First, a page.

How to Stop Your Dog Having a Dull, Flaky Coat

How to Stop Your Dog Having a Dull, Flaky Coat

How to Stop Your Dog Having a Dull, Flaky Coat

What you need to know to ensure your dog looks their best


Stroking and patting your dog is one of the loveliest parts of being a dog parent. We love it, they love it and we both benefit from doing it. The enjoyment you receive from this little ritual is brought to a whole new level when your dog’s coat is glossy, shiny and glowing with health. If your dog’s coat has become dull or flaky this could be a sign that your best friend is not as well as they could be.


Healthy inside, Healthy outside


The skin and coat are your dog’s largest organs and are a super indicator as to the overall health of your dog. Because these organs are large they need large amounts of nutrients to maintain them. When these nutrients are lacking, instead of looking shiny and feeling soft your dog’s coat will feel rough and look dull. This is because any nutrients your dog is getting are being sent, understandably, to the vital organs first, leaving the skin and coat last on the list. This is not a situation you want as it can have negative consequences in the long term.


You need to make sure your dog is getting the correct nutrients to enable them to be healthy. Dog fur is made mainly of protein and ensuring your dog has enough protein means their coat will be strong and supported by feeding it the building blocks of the hairs natural structure.


Dogs eating poor quality commercial dog food or even incomplete homemade food may not be getting enough nutrients to support their overall health. Low-fat diets can also be risky, sometimes resulting in Omega-6 deficits.


The Omegas


Many conventional dog foods lack skin and coat nourishing Essential Fatty Acids. Omega-6 and Omega-3 are the Essential Fatty Acids, which improve skin and coat health by supporting the framework from which skin cells are built.


EFA’s have to be eaten, they are not made by the body itself.


Great sources of Omega-3 are Salmon and Salmon Oil. Whereas Omega-6 can be found in eggs, lean meat, organ meat (kidney, heart etc) and fish oil.


Have a look at your dog’s food and check the ingredients. The first ingredient should be meat then check to see if items from the above are also included. Your dog will also benefit from the inclusion of Vitamin E and Zinc.


Dietary supplements are available for dogs but will never be a substitute for a complete and high-quality diet.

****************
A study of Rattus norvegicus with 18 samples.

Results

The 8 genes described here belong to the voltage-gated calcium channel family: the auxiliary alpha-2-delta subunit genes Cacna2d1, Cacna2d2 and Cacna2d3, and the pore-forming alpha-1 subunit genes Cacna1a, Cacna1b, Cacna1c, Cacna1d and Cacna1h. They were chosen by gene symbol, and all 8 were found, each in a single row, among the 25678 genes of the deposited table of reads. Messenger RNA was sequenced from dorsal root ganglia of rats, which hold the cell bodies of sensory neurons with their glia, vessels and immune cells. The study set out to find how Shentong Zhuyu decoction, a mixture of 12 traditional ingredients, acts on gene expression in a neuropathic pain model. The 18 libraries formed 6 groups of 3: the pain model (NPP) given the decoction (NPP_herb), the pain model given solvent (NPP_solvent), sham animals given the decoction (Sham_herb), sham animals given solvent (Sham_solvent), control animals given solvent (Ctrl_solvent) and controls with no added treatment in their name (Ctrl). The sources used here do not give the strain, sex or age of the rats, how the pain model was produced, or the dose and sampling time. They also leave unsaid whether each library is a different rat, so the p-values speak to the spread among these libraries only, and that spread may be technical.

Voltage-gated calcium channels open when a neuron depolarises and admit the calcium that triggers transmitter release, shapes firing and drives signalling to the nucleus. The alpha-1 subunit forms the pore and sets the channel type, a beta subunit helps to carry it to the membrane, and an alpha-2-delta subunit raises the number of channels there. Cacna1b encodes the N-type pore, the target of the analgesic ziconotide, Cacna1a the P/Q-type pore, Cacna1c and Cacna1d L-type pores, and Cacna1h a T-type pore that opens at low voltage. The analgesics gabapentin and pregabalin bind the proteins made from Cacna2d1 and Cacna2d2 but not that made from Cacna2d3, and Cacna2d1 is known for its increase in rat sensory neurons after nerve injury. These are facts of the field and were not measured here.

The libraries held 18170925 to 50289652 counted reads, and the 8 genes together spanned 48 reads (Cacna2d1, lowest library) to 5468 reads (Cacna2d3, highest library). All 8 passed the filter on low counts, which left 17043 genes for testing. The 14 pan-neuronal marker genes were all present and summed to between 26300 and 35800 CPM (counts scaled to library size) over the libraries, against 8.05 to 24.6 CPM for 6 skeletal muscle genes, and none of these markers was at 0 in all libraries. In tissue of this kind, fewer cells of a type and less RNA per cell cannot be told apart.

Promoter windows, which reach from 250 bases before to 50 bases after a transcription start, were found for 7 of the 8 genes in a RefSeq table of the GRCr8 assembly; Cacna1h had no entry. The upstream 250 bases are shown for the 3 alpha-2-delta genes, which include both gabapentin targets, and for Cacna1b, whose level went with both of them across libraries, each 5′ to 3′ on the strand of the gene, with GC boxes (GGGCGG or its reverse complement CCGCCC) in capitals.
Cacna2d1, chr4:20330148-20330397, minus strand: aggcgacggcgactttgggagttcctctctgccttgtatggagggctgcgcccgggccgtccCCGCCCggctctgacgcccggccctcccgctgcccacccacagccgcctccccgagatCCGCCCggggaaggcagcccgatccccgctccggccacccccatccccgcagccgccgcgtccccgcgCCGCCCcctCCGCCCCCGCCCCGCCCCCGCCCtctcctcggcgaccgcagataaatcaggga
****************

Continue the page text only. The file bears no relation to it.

If you are planning to adjust or change your dog’s diet, be patient. Hair grows in three stages: anagen, telogen and catagen. Every single strand of your dog’s hair will be at a different stage in its life – you will generally have to wait around 6-8 weeks before seeing improvements in coat and skin. This could be sooner depending on the level of nutrient deficiency in your dog.




Feeding a quality diet is the first place to start to ensure a healthy coat and skin but you will also need to allocate a bit of time to grooming. Become familiar with your dog’s coat - all dog’s coats are not the same!


Double coats, such as those of Golden Retrievers, German Shepherds have two coats. - the outer (or guard hairs) and the finer undercoat hairs. Air becomes trapped in the finer hairs and natural oiliness creates water resistance. All double coated dogs shed and during this phase will need a bush out every day. At other times a good weekly top to toe brush will see them well.


Single-coated dogs such as the Yorkshire Terrier or Lhasa Apso generally do not stand the cold as well as the double coated dogs. Some single coated dogs do not shed at all, such as the Poodle. Nevertheless, brushing removes dead hairs that would otherwise matt, when these dead hairs are removed, new ones can grow in. It also allows the skin to breathe.


A regular brushing routine will help you bond with your dog and most dogs (provided you are gentle) will enjoy it.


If you are worried your dog may have a skin condition read our blog on itchy skin here:






Frequent baths can dry a dog’s coat and skin. Check that any shampoo used on your dog is suitable. Human shampoo (however nice it smells) is not suitable for a dog as the ph level is not right and will irritate the skin. Buy a dog shampoo and make sure you rinse very thoroughly.

 If your dog smells after a bath, get them checked by a veterinarian as he may have a bacterial skin infection.


A healthy coat is possible for all dogs but comes down to two things:


  1. Feed a quality food, high in protein which includes Omega-3 and Omega-6


  1. Establish a brushing routine to remove dead hairs.


Remember - You can’t feed a low-quality food and neglect grooming yet expect your dog to look shiny and glossy.